I’ve been researching and writing a piece on “Hustle Culture” this week which has taken a lot more time than I’d anticipated.
As a consequence, I have got behind with my other work.
One evening, after we’ve cleared the dinner plates I say,
“I’ve got to finish an “Ask A Therapist” question that was due in at 7.”
As I disappear upstairs to get my laptop my son laughs and calls after me,
“I’m not. I’m just clearing the backlog.”
On Tuesday, my son was one of the first people in the UK to celebrate two consecutive lockdown birthdays. Last year was his 21st.
Trying to soothe the bitter disappointment of having to spend a second year running having a birthday dinner with his family I decided to make something special.
Trying to fit the planning, preparation, and cooking of a three-course meal, and a cake, around my work is a challenge.
The night before I am up until the small hours trying to perfect a cream cheese Oreo icing that I first made to ice the cake on his 18th which has become the stuff of folklore in our family. Needless to say I didn’t write the recipe down and have yet to repeat it.
By Tuesday afternoon when my son asks if I want to go for a walk with him, his girlfriend, and the dog all I can muster is a thin laugh.
“No thanks, I think I’d better stay here.”
“Is there anything I can do?” My wife asks.
“No, I don’t think so. I’ve just got to finish making the garlic bread and then I’m on track.”
“You’re making garlic bread as well?”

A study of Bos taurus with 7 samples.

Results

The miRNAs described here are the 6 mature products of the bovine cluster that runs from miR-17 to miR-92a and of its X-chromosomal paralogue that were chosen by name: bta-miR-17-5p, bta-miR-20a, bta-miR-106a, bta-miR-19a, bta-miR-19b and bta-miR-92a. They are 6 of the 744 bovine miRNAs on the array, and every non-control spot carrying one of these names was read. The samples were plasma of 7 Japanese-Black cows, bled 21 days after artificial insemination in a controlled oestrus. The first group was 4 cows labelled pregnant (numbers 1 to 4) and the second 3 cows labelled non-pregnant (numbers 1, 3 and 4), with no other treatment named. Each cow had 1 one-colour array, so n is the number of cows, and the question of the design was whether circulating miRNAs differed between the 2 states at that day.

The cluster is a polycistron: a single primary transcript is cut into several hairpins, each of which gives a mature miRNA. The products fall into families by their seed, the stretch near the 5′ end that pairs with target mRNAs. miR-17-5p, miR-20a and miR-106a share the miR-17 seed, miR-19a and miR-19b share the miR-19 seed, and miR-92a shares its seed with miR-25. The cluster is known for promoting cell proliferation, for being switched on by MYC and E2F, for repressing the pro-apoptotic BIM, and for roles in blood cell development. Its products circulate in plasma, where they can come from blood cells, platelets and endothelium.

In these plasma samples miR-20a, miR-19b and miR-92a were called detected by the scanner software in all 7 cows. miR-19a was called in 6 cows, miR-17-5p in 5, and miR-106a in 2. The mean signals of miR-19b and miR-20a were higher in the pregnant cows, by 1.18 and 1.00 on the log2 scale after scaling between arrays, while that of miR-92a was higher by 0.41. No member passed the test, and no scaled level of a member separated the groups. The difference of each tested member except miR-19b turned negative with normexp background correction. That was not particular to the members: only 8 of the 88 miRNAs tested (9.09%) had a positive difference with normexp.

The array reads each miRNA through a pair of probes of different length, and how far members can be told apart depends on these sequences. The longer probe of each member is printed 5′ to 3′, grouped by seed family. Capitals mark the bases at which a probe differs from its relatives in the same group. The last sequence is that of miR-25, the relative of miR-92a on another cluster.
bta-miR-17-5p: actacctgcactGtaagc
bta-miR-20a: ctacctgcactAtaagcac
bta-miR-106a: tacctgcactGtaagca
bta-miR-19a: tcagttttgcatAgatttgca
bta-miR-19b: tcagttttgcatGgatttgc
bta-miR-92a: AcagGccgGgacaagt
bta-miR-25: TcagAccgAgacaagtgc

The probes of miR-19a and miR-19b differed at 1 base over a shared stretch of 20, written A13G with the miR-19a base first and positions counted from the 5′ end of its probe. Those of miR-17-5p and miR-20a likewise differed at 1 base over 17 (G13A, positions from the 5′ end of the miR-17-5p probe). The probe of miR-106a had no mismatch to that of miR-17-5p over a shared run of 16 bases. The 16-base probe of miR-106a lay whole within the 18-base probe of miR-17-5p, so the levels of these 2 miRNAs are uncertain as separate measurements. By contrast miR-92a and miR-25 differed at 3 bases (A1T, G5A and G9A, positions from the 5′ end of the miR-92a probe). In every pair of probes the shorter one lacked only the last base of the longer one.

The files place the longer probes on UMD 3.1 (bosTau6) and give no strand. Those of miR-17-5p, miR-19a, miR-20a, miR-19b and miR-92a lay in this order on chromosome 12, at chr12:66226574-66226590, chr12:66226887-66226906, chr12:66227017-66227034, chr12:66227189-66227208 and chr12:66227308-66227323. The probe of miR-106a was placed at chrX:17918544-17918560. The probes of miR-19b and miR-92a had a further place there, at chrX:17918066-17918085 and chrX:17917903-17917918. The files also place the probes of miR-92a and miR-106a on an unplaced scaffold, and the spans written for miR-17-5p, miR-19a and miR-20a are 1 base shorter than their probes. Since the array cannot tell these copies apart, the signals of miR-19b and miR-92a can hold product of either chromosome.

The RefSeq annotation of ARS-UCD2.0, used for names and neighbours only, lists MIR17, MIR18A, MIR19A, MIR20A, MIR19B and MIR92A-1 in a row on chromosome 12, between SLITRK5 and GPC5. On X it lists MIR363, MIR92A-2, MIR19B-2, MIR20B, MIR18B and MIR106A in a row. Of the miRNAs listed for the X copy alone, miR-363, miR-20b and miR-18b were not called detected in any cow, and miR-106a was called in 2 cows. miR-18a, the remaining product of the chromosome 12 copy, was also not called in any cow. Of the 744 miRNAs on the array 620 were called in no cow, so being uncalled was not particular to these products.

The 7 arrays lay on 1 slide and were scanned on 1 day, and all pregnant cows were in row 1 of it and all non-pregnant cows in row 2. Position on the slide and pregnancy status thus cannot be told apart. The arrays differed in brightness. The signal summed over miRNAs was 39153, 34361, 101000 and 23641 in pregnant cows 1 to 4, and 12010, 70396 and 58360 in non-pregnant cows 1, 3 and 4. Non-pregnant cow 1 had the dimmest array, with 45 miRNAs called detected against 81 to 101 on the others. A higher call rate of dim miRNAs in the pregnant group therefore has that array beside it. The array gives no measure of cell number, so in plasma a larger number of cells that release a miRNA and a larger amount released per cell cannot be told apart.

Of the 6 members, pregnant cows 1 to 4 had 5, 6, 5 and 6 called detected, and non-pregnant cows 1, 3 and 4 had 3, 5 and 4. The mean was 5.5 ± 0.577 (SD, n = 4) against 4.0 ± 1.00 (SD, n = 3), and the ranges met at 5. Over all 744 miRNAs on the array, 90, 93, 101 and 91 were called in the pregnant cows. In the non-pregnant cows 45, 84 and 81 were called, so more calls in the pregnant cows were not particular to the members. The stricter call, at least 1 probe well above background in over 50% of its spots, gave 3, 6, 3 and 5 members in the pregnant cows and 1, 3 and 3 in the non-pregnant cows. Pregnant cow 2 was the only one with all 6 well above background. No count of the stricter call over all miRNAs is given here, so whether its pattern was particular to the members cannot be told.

As usual, I’ve underestimated the time everything will take and overestimated the speed at which I can get through it.
My son isn’t impressed at having to share his birthday each year with an ersatz memorial service.
When we move into the street with our flames there’s nobody else there. Not a soul.
I leave my tea light in its little jar on the wall and we go back inside.
“I think maybe people find it easier to join in with public shows of solidarity and strength than they do with communal vulnerability.”
In the spring and summer last year there was no shortage of rainbows and “Thank You NHS” signs across social media, in house windows, and chalked onto pavements.
Hustle culture is about curating an image of yourself that you think will impress, or make you more lovable, and it comes from a fear that we may not be enough as we are.
What’s harder to acknowledge is fragility, vulnerability, and an acceptance that we all have our limits.